Diarmaid Ferriter: 1916 celebrations must encompass all definitions of Irish freedom
The idea that there was ‘only one definition of Irish freedom’ is nonsense
Eoin Mac Neill with sons Brian and Niall in 1917.
In December, an original copy of the 1916 Proclamation of the Irish Republic was sold for £305,000 (€420,000) by Sotheby’s, an amount far above its £80,000-£120,000 guide. The price was an indication of the premium attached to 1916-related material as we face into an intensive period of commemoration of the Rising, which will be a dominant theme and preoccupation of this year.
There will be plenty of other opportunities for those with deep pockets to buy 1916 decorations, some sold under simplistic banners that promote the idea of a one- dimensional heroic narrative of 1916.
For example, seven bronze medals to commemorate the seven signatories of the Proclamation, taken from seven charcoal sketches by artist Robert Ballagh and housed in a wooden display case that contains a facsimile of the Proclamation, are currently for sale. The collection is limited to 2,016 sets at €499 each, available from Lee Brothers Ltd in Santry.
What is most revealing about this enterprise is the message under which the medals are being sold: “We know only one definition of Irish freedom.”
This is a slogan taken from Patrick Pearse’s assertion in August 1915 as he delivered his graveside oration at the funeral of Fenian Jeremiah O’Donovan Rossa: “It is Tone’s definition, it is Mitchel’s definition, it is Rossa’s definition. Let no man blaspheme the cause that the dead generations of Ireland served by giving it any other name and definition than their name and their definition.”
It is a clarion cry that should serve as a red flag to bulls who seeks a more complicated narrative of 1916; a direct invitation to see the architects of the Rising as one-dimensional and exclude multiple narratives and ideas about 1916 as they existed at that time and as have been underlined by much research and access to many new sources in recent years.
In short, the idea that there was “only one definition of Irish freedom” in Ireland 100 years ago is nonsense.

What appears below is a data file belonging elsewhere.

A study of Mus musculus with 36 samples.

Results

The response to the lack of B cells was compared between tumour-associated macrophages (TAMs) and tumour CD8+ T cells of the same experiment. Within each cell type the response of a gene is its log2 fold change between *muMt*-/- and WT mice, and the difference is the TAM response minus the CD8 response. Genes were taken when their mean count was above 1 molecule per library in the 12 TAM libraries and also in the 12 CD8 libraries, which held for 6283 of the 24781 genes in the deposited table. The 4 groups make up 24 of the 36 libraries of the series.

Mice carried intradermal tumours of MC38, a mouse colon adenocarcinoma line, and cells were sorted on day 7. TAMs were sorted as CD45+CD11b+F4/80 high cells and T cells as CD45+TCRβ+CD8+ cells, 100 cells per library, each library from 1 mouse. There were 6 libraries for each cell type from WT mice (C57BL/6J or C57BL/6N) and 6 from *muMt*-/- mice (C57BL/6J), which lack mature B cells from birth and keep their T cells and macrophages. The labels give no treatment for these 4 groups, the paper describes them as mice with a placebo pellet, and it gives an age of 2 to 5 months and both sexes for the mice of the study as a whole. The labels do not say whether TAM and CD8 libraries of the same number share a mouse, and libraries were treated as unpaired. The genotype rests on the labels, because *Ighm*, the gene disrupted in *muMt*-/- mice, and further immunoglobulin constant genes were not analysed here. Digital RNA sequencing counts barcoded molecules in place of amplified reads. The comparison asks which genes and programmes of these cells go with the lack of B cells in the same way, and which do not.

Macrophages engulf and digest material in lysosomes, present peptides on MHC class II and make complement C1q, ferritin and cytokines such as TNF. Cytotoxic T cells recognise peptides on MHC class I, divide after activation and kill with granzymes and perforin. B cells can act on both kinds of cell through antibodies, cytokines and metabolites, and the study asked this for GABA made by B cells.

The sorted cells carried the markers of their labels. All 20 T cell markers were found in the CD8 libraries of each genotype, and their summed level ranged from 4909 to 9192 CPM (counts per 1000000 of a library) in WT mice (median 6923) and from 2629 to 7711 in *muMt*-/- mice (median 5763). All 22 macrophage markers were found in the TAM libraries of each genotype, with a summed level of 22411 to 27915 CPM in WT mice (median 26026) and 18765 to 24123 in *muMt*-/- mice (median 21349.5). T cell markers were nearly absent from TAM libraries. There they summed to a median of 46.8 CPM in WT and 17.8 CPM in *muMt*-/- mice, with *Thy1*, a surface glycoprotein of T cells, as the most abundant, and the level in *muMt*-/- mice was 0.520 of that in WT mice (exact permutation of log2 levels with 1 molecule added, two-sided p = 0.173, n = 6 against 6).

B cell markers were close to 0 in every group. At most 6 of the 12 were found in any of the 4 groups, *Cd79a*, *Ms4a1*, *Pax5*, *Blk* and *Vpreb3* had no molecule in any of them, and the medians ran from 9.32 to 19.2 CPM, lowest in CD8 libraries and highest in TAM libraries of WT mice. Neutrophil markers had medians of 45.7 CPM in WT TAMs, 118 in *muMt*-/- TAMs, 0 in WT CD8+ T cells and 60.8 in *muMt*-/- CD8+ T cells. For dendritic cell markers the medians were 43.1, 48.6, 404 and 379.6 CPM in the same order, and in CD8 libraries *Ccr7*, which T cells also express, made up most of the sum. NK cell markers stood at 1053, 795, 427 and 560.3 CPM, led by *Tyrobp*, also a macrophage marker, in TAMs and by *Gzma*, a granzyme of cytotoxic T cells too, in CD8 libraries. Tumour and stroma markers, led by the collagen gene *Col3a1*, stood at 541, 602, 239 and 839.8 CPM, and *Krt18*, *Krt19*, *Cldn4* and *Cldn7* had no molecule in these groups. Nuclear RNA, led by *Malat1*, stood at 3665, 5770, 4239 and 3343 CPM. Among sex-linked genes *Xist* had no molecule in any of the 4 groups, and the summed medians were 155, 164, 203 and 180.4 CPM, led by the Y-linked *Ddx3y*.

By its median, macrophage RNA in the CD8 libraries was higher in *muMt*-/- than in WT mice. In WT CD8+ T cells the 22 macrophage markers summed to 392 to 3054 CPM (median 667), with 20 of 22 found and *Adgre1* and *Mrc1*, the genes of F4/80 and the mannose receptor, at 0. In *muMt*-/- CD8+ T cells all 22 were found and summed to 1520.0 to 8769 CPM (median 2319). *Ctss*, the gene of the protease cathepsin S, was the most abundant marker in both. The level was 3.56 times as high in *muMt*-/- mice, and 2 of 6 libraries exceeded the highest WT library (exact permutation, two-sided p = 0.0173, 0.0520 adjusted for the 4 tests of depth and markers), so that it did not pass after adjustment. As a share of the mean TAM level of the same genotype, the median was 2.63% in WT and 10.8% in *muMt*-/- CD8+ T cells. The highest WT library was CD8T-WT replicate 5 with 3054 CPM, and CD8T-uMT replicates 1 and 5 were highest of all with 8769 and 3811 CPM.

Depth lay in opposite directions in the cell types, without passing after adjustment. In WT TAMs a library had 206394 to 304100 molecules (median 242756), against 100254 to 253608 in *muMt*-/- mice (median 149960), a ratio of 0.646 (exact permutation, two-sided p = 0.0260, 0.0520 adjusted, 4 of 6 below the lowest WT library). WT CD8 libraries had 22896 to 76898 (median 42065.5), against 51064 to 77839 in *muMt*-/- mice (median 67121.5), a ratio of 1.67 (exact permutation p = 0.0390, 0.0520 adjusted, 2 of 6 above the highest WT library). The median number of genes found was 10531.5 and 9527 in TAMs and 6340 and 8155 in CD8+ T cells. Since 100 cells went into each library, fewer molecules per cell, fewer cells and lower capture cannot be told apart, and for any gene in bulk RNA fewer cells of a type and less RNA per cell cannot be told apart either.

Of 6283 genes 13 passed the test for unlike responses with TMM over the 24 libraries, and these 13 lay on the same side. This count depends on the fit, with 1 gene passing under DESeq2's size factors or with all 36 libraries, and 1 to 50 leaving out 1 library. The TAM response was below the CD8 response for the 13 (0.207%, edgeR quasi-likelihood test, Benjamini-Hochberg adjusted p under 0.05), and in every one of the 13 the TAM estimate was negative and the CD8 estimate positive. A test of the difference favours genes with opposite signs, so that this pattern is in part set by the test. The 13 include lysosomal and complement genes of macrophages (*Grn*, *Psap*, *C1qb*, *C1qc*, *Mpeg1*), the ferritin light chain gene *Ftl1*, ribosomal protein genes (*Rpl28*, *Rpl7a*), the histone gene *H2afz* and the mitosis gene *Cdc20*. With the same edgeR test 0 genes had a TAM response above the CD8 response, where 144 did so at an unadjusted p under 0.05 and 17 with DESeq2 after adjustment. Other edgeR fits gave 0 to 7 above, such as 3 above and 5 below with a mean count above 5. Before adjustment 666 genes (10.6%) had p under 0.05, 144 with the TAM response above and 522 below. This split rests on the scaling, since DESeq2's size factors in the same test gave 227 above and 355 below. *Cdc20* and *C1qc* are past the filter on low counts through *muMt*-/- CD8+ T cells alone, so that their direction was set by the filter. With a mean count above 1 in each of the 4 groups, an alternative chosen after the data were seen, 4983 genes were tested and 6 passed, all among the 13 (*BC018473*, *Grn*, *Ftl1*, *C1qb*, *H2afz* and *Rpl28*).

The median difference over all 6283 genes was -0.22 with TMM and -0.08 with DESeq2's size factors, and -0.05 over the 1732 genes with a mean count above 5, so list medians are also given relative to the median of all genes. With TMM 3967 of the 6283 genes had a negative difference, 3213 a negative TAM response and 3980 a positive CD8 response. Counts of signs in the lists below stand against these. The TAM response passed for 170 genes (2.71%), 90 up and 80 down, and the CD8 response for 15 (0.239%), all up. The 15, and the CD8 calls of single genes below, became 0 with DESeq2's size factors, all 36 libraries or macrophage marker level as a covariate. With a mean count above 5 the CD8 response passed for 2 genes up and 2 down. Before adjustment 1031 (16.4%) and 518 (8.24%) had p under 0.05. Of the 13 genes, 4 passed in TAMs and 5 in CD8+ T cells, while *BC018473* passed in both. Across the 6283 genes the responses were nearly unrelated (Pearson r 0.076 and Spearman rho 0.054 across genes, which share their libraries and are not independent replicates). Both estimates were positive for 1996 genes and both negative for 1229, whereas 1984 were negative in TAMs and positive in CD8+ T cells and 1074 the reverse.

It should not be beyond us to remember the 1916 Rising and treat its commemoration with due respect and pride while remembering those who defined freedom in a different way at the same time. In particular, it will be interesting to see how the reputation and legacy of Eoin Mac Neill will feature this year.
Mac Neill, as the man who tried to stop the Rising, has certainly not fared as well at the auction houses as the seven signatories. A copy of one of his 11-word handwritten countermand orders (“Volunteers completely deceived. All orders for tomorrow, Sunday, are completely cancelled”) sold for €30,000 – well below the guide price of €50,000 – when auctioned by Adams in Dublin in 2014. It is an important document; as a result of it, the Rising was almost entirely confined to Dublin; even there, the numbers were only about a quarter of what they might otherwise have been, had the order not been issued.
Mac Neill’s countermand was one reason why the Rising commenced in confused circumstances. Crucially, it was also a reflection of disagreement about the Rising’s validity.
Mac Neill had his own ideas about how best to achieve Irish freedom and the circumstances that might justify rebellion. As the founder of the Irish Volunteers, he was not a pacifist, but insisted in February 1916 that “what we call our country is not a poetical abstraction . . . it is our duty to get our country on side and not be content with the vanity of thinking ourselves to be right and other Irish people to be wrong”.
That contention went to the heart of the controversies of nationalist Ireland a century ago, and Mac Neill’s countermand and what followed need to be seen in the context of different and evolving concepts of Irish nationalism. Definitions of freedom, loyalty and legitimate violence were contested during this period of multiple allegiances, against the backdrop of the first World War.
Justification for rebellion
Mac Neill’s logic was clear; the only justification for rebellion would be “deep and widespread popular discontent”, but “no such condition exists in Ireland”. As far as he was concerned, any rebellion by the Volunteers should have been as a result of a British act of aggression or because a rebellion would have a reasonable chance of success.
This was hardly an unreasonable position to hold in 1916. The lenses through which we view Mac Neill, his decisions and dilemmas, should reflect the currents prevailing then. Of course, there was an alternative logic articulated by the organisers of the Rising, one no less sincerely held, which we also need to understand.
Mac Neill and those who shared his view ultimately found themselves on the wrong side of history. Still, it would be wise for us to do justice to the multiplicity of ideas about 1916 during this year’s commemoration, instead of being exclusive and allowing the likes of Mac Neill to remain lost or simplified.